The team’s project “A Bittersweet Burden: Understanding Causes and Consequences of Diabetes Complications Using Design-Thinking in Puebla, Mexico,” aims to study patients in Puebla, who are hospitalized with preventable, acute complications of diabetes in order to identify both medical and sociocultural systems gaps in diabetes care and to generate insights on potential points of intervention.
The award is the signature program of the International Board of Advisors, a select group of influencers who, together with UT President Gregory L. Fenves and senior leadership of The University of Texas at Austin, are working to expand UT’s global network.
Through a competitive process, teams of students and faculty mentors are selected to pursue interdisciplinary projects relating to international research, social impact and entrepreneurship in regions throughout the world. The teams work with international partner organizations, traveling together to implement their projects and gain hands-on experience.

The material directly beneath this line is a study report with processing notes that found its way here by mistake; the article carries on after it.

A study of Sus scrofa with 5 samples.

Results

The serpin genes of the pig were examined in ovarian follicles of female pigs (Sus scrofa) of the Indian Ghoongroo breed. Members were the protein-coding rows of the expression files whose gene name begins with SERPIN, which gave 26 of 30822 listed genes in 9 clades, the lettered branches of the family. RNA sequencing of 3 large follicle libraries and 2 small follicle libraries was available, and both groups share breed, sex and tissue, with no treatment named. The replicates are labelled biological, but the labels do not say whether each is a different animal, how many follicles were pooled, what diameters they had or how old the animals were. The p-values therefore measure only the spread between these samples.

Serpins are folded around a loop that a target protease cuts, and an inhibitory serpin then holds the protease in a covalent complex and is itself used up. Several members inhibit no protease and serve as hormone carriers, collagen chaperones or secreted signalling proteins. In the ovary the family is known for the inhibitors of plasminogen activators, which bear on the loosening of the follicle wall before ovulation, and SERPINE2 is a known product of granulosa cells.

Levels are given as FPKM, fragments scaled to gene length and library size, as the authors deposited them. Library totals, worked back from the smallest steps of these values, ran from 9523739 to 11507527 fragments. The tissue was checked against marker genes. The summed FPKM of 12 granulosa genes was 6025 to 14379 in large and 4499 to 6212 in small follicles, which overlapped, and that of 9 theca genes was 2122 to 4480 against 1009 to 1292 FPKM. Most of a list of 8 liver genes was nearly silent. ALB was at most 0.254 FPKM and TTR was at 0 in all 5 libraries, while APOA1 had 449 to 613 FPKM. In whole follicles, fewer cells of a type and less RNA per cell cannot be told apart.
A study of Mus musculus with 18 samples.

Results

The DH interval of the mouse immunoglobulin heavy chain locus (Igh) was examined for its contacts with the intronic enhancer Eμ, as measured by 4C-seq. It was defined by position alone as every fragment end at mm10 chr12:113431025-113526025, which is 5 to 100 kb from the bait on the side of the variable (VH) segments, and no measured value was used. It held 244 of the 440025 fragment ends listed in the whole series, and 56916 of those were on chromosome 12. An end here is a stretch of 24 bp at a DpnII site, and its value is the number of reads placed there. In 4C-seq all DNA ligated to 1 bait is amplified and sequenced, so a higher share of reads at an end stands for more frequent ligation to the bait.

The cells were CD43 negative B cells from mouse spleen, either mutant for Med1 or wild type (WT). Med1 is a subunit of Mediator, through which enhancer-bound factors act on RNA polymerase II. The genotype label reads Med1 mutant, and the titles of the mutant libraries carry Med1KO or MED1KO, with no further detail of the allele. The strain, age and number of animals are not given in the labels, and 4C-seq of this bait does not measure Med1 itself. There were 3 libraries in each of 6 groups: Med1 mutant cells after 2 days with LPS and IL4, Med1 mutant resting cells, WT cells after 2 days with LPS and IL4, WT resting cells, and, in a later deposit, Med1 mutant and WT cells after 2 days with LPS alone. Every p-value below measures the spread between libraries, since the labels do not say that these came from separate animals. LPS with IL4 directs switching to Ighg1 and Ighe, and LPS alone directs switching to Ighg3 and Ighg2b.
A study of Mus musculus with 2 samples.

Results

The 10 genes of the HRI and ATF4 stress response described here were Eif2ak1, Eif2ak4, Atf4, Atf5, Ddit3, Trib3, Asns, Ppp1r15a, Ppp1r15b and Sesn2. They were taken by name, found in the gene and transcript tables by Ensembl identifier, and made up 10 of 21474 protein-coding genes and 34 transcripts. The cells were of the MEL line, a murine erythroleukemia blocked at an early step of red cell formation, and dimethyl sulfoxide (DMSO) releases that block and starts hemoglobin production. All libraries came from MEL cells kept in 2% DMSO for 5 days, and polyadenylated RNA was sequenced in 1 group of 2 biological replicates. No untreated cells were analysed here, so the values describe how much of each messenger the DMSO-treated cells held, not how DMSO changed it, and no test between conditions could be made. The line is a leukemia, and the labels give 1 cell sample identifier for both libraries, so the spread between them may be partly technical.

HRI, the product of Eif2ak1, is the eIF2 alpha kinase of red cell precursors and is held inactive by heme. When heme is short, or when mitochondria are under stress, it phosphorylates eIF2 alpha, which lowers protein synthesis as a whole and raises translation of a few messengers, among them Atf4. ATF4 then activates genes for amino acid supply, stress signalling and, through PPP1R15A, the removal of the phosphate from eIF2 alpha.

“We are grateful to all the teams who submitted a proposal for the 2019-20 President’s Award for Global Learning competition, and we extend a heartfelt congratulations to this year’s awardees,” said Sonia Feigenbaum, senior vice provost for global engagement. “This is a transformational program that advances the university’s internationalization efforts by bringing together teams of students and faculty committed to addressing global challenges from an interdisciplinary perspective. Their commitment to transnational collaboration and to gaining a deeper understanding of themselves, as well as cultures around the globe, is inspiring.”
There were 24 proposals submitted from teams composed of 97 students representing 11 colleges and 55 faculty members representing 12 colleges. A committee of faculty members from colleges and schools across campus reviewed the submitted proposals and selected 11 finalist teams.
The finalist teams participated in a pitch competition hosted by a panel of judges selected by President Fenves. From the 11 finalist teams, five winning teams were selected. The final awardees will receive up to $25,000 toward project implementation costs, as well as additional travel and academic financial support.
Vazquez is the graduate student member of the winning team for Central America, Mexico, and the Caribbean region, which also includes students Harrison Mark (College of Natural Sciences), Kanishka Mitra (Cockrell School of Engineering), Kathryn Quan (College of Natural Sciences), Joyce Tiong (College of natural Sciences); and faculty members Jacqueline Angel (LBJ School of Public Affairs), Dr. Meghana Gadgil (Dell Medical School), Meeta Kothare (McCombs School of Business).